This week the Guardian’s Health Professionals blog published a piece by Professor Alison Leary about the proliferation of titles in and around nursing and the issues that it raises. You can read it here. She has also published her research into this in more detail here. The subject crops up regularly on Twitter and there have been reports on Professor Leary’s work in the popular nursing press. In my own conversations with colleagues we talk about whether the time has come for the title ‘Nurse’ to be protected, so that it cannot be used by someone who hasn’t undertaken the required three-year Bachelor’s degree programme and be subject to statutory regulation. Many people mistakenly believe the title is protected, but in fact it is ‘Registered Nurse’ that has protection – but that isn’t the title in general and colloquial use. There is also a view that protected title isn’t necessary – usually citing the view that no-one worries about Tree Surgeons or Drain Doctors or that if we protect ‘Nurse’ does this mean that Dental Nurses couldn’t use the title or Vet Nurses? There is an exasperation about these comments that indicates that this is just nursing being ‘precious’ – again.
So, why is the proliferation of titles associated with nursing an issue? First, for those who make the perfectly reasonable point that ‘no-one bothers about confusion between Doctors/Surgeons and Tree Surgeons or Window Doctors’ – it kind of misses the point. You are unlikely to meet a Tree Surgeon and a clinical Surgeon in the same garb in the operating theatre and therefore confuse them, and the same applies to your Drain Doctor – they are unlikely to be attending to you in a clinical situation alongside your physician. Similarly, you would be unlikely to find yourself having to distinguish between a Registered Nurse and a Veterinary Nurse practising on a hospital ward (one hopes).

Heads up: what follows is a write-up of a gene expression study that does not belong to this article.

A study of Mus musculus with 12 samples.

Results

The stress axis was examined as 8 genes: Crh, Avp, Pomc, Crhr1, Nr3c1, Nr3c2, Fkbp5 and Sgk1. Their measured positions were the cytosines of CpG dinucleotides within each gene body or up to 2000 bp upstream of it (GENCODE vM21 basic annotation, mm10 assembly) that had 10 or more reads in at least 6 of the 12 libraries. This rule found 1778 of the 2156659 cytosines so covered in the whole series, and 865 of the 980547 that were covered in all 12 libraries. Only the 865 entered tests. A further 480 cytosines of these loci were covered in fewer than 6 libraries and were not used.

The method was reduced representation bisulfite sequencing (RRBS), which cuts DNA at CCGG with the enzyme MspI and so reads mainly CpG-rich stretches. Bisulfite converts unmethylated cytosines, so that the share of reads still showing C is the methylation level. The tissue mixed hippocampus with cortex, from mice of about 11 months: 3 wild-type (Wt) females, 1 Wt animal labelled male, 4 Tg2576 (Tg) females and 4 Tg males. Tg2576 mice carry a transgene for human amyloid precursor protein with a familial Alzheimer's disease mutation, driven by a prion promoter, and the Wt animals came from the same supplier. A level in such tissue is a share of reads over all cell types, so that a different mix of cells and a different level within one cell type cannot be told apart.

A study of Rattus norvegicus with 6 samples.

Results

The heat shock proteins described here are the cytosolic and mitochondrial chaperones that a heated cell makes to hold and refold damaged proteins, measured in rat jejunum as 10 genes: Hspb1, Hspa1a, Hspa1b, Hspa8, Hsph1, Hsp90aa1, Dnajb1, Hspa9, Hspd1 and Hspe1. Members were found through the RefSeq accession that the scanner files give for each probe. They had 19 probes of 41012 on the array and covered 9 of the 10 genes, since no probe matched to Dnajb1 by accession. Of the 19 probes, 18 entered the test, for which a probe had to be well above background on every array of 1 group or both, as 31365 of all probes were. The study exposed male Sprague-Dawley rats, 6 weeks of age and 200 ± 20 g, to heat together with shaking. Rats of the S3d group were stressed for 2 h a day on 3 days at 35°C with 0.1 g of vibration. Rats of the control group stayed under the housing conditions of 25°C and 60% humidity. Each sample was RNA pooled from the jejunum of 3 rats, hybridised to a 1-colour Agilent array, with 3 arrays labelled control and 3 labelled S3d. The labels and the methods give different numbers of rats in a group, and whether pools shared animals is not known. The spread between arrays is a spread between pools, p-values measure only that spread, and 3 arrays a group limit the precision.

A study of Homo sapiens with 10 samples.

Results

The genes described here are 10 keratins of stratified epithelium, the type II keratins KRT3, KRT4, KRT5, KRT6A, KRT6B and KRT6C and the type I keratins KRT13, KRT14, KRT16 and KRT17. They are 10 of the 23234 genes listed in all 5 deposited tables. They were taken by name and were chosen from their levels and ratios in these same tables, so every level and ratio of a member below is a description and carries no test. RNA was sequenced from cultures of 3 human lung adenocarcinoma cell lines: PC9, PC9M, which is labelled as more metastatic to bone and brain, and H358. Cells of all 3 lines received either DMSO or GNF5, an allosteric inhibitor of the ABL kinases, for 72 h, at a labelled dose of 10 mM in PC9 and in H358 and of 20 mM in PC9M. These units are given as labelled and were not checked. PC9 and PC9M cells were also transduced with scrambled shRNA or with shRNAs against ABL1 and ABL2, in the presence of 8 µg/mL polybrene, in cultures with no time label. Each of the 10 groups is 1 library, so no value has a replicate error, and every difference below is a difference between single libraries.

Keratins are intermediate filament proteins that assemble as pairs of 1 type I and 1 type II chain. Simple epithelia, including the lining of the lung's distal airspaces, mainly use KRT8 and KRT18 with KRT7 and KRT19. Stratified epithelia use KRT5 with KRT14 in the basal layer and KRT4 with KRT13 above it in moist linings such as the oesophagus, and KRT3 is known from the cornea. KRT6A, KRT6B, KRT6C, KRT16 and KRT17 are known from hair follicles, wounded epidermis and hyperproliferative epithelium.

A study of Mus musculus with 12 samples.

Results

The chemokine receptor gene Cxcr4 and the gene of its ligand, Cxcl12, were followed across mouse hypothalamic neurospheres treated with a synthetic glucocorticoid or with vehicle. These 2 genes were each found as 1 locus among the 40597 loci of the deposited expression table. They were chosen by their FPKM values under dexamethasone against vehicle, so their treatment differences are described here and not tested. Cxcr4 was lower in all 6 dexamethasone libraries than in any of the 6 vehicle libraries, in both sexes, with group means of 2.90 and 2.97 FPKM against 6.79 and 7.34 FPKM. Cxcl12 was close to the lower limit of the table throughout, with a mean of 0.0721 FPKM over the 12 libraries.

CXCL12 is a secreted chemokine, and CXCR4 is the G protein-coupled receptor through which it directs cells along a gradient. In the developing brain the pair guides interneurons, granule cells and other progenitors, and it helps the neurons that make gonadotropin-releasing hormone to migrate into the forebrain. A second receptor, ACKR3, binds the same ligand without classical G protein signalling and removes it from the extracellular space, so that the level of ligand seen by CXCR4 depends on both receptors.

Professor Leary’s point is a more sophisticated one. There are care support workers in clinical situations working alongside Registered Nurses, with job titles that include the word ‘nurse’, responding to being called ‘nurse’, wearing similar uniforms, and sometimes giving the impression that they can offer the same level of care and have the same knowledge and skill as a Registered Nurse. This is a very different situation and obviously has the potential for misunderstanding and confusion. Unless the difference between a Registered Nurse and a support worker is made very clear to the patient then there is a danger that the patient/client/vulnerable person or their relatives may make an assumption about the expertise of the person providing assistance. Patients have to put their trust in the ability, the competence and expertise of those providing care and treatment, and a recognised, socially meaningful title plays a part in underpinning that trust. Any lack of clarity is at best unfair and confusing, and at worst deceptive and dangerous.
Neither Leary’s article nor this blog is about attacking support workers and the important assistive work that they do, it is pointing out the ambiguity inherent in the NHS’s use of job titles which helps neither the support worker nor the Registered Nurse and may well confuse or mislead the people in their care. Openness and transparency is the issue here, and ultimately patient safety.